8:24 PM, Aug 13, 2013   |    comments

Hill did not testify on his behalf in the trial. Closing arguments are slated to begin Wednesday morning.

The prosecution in the trial rested late Tuesday morning, shortly after the judge refused to grant a request for a mistrial.

MORE | Complete coverage of the Victor Hill corruption trial

Judge Albert Collier ruled that was the second time prosecutor Zon committed what's called "shifting the burden" of proof in a trial, which he said was inappropriate.

"The defendant has no burden of proof whatsoever; they're not required to present any evidence," Collier said.

Even so, he refused the defense's request for a mistrial based on the prosecutor's statement.

The exchange began when defense attorneys cross-examined prosecution witness Joshua Waites, who was part of a police task force that investigated Hill.

Another member of that task force, David Ward, has not been  called by prosecutors about his role and defense attorney Steven Frey asked witness Waites why.

"Did he tell you that he'd been fired by the Clayton County Police Department for making a racist comment about my client?" Frey asked Waites.

Prosecutor Zon immediately objected saying, "that is not admissible."

"Mr. Ward has not testified," she argued, "the defense has to call him if they want to try to put his character into evidence."

Defense attorney Drew Findling immediately objected to her suggesting they had to call any witnesses and called for a bench conference for his mistrial motion.

While not granting a mistrial, Judge Collier ordered prosecutor Zon not to repeat her comments.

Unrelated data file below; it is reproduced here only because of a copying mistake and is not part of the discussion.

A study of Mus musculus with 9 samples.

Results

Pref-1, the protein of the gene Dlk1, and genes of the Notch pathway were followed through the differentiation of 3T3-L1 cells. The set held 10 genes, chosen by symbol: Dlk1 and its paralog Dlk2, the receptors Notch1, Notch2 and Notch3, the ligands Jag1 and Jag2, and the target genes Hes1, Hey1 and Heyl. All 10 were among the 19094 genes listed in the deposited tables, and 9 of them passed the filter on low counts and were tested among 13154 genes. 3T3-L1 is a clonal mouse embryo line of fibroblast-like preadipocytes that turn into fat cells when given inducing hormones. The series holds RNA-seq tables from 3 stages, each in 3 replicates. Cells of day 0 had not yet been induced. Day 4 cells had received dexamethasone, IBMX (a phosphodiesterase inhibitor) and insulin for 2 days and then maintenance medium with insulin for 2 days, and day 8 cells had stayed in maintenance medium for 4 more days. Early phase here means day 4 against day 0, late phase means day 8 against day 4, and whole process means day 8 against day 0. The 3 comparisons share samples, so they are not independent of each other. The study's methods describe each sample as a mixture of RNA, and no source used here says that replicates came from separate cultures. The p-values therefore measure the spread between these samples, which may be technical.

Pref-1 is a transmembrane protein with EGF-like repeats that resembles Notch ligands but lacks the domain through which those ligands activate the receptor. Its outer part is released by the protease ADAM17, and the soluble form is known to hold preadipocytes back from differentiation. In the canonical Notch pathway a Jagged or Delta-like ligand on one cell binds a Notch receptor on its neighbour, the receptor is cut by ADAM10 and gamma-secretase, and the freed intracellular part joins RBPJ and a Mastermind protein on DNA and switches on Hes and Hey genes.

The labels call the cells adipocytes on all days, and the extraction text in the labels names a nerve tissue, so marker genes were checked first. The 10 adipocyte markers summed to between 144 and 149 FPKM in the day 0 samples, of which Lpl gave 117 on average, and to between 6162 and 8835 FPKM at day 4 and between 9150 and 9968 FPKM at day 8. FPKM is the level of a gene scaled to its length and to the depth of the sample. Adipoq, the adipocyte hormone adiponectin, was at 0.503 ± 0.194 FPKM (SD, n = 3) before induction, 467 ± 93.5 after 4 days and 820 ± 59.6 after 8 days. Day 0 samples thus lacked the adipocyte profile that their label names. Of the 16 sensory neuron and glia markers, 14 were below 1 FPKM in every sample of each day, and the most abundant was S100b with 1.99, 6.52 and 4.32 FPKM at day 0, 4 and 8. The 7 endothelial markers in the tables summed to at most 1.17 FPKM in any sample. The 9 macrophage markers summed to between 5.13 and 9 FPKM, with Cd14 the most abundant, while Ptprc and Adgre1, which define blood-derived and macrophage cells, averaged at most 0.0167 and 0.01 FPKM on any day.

Newton said he worked on the sheriff's re-election campaign as well as the unpublished biography while on the county payroll.

Also under indictment for theft and forgery charges, Newton was granted immunity for his prosecution testimony.

He blamed Hill for his own legal troubles for the way Hill wrote him checks from county, campaign and other "discretionary funds," which he called "unethical."

At one point weeping on the witness stand, Newton said he fell from grace near the end of Hill's first term and was assigned menial duties.

"I was a piece of garbage; I was throwaway material," he said.

Newton also said Hill took out of town trips with former department employees Beatrice Powell and Naomi Nash, both of whom confirmed those trips last week.

Under heated cross-examination by Hill's defense attorneys, Newton admitted over-billing the county for work on a newsletter, but he claimed that was Hill's arrangement to get him more than a jailer's salary.

He also admitted not have filed taxes since 2008, but said that's because he wanted to get this case behind him so he can find out exactly what to claim.

Prosecutors wrapped up their side of the case Tuesday.